Rent or Buy? 2017 Begins with Spike in Number of Renters Shopping for Homes
New TransUnion analysis finds multifamily property managers may need to consider new amenities and services such as rental payment reporting to keep renters in units
In a sign that consumers may be shifting preferences from renting to homeownership, a new TransUnion (NYSE: TRU) analysis found that 55% of those who shopped for a mortgage in Q1 2017 were non-homeowners – most of whom are renters. This is a significant rise from Q1 2016 (50%) and Q1 2015 (45%). The results of the study were featured at the National Apartment Association Education Conference & Exposition.
The rental market has seen sustained growth for the last several years, but occupancy rates have flattened from their peak in the second quarter of 2016. This new uptick in mortgage shopping could be a precursor to further declines in occupancy, which would impact rent growth – and ultimately, revenue – for multifamily property owners. In anticipation of this potential shift, owners and property managers should be offering the right amenities and programs designed to attract renters.
TransUnion’s report found that millennials’ interest in homeownership is growing steadily over time. In 2017, three in 10 (29%) non-homeowners who shopped for mortgages were millennials, up slightly from 28% in 2016 and 27% in 2015.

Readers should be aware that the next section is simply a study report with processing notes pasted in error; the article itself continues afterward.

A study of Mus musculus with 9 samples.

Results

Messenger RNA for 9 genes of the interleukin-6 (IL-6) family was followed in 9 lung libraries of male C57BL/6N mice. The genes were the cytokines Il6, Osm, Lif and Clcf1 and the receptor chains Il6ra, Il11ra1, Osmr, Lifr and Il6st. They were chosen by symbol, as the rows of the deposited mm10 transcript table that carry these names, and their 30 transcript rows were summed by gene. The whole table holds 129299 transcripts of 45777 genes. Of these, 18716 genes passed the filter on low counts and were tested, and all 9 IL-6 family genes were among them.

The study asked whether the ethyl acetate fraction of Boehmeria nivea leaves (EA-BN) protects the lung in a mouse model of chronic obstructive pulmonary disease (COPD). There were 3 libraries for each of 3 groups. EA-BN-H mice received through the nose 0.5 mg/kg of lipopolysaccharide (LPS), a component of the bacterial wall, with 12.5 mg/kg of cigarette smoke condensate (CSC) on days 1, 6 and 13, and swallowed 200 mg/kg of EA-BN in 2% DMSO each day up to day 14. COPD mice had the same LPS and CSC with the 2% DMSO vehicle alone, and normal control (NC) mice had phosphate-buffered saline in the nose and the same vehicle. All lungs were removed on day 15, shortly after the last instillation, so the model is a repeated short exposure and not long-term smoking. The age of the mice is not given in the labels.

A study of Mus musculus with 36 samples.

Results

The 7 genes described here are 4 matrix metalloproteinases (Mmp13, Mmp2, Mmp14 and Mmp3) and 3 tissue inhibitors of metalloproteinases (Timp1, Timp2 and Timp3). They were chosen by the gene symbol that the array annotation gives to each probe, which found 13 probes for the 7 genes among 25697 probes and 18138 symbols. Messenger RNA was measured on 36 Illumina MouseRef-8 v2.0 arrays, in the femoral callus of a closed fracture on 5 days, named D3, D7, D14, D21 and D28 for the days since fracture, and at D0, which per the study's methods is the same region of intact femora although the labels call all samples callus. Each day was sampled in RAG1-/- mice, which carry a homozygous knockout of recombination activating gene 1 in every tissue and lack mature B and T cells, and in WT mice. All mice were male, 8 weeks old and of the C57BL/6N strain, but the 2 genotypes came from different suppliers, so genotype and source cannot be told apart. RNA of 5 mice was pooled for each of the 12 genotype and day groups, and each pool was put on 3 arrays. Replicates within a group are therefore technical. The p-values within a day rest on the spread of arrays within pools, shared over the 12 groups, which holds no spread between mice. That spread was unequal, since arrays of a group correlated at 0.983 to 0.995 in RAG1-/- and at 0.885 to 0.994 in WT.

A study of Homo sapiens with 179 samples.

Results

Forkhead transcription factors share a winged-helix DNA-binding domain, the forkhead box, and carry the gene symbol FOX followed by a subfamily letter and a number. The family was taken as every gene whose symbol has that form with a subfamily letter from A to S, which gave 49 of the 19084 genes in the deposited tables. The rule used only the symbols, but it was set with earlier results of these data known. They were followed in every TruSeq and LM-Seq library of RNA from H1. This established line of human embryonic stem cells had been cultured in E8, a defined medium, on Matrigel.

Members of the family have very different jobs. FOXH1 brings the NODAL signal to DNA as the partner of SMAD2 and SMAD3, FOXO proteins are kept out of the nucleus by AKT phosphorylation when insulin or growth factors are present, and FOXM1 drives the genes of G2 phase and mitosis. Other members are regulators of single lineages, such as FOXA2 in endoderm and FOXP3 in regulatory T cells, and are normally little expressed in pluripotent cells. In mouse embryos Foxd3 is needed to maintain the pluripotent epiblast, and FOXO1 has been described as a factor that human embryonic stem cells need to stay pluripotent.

In addition, 34 million renters between ages 25 and 44 – typically a prime age range for homeownership – were credit eligible for a mortgage. Just 36% of renters under 44 years old had a VantageScore® 3.0 credit score below 580, a common benchmark used by some institutions to determine whether a borrower qualifies for a low down payment loan.
Percent of Non-Homeowners
25-34 years old
35-44 years old
45-54 years old
55-64 years old
65+ years old
“Property management companies should consider new services such as rental payment reporting to credit bureaus to entice renters into their multifamily properties.” added Doherty. “In many cases, renters are more likely to choose a unit if their property manager reports their rental payments. Our survey data show that most renters prioritize their rental payments and want their payment reported.”
A prior TransUnion survey of renters found that more than half (51%) would be more likely to choose a property if they knew their landlord would report their rental payments to credit bureaus. Nearly eight in ten (79 percent) survey respondents said they prioritize rental payments above all other monthly bills.
Property managers use TransUnion’s ResidentCredit to report the amount and timeliness of a monthly rental payment, or any balanced owed for a payment. Renters’ payments appear on their credit report along with other financial obligations. Some consumers, especially subprime consumers, may experience an increase in their credit score as a result of on-time payments being reported.
To learn more about TransUnion’s multifamily housing solutions and ResidentCredit, please stop by booth #1120 at the National Apartment Association Education Conference & Expo or visit http://rentalscreening.transunion.com/solutions/residentcredit.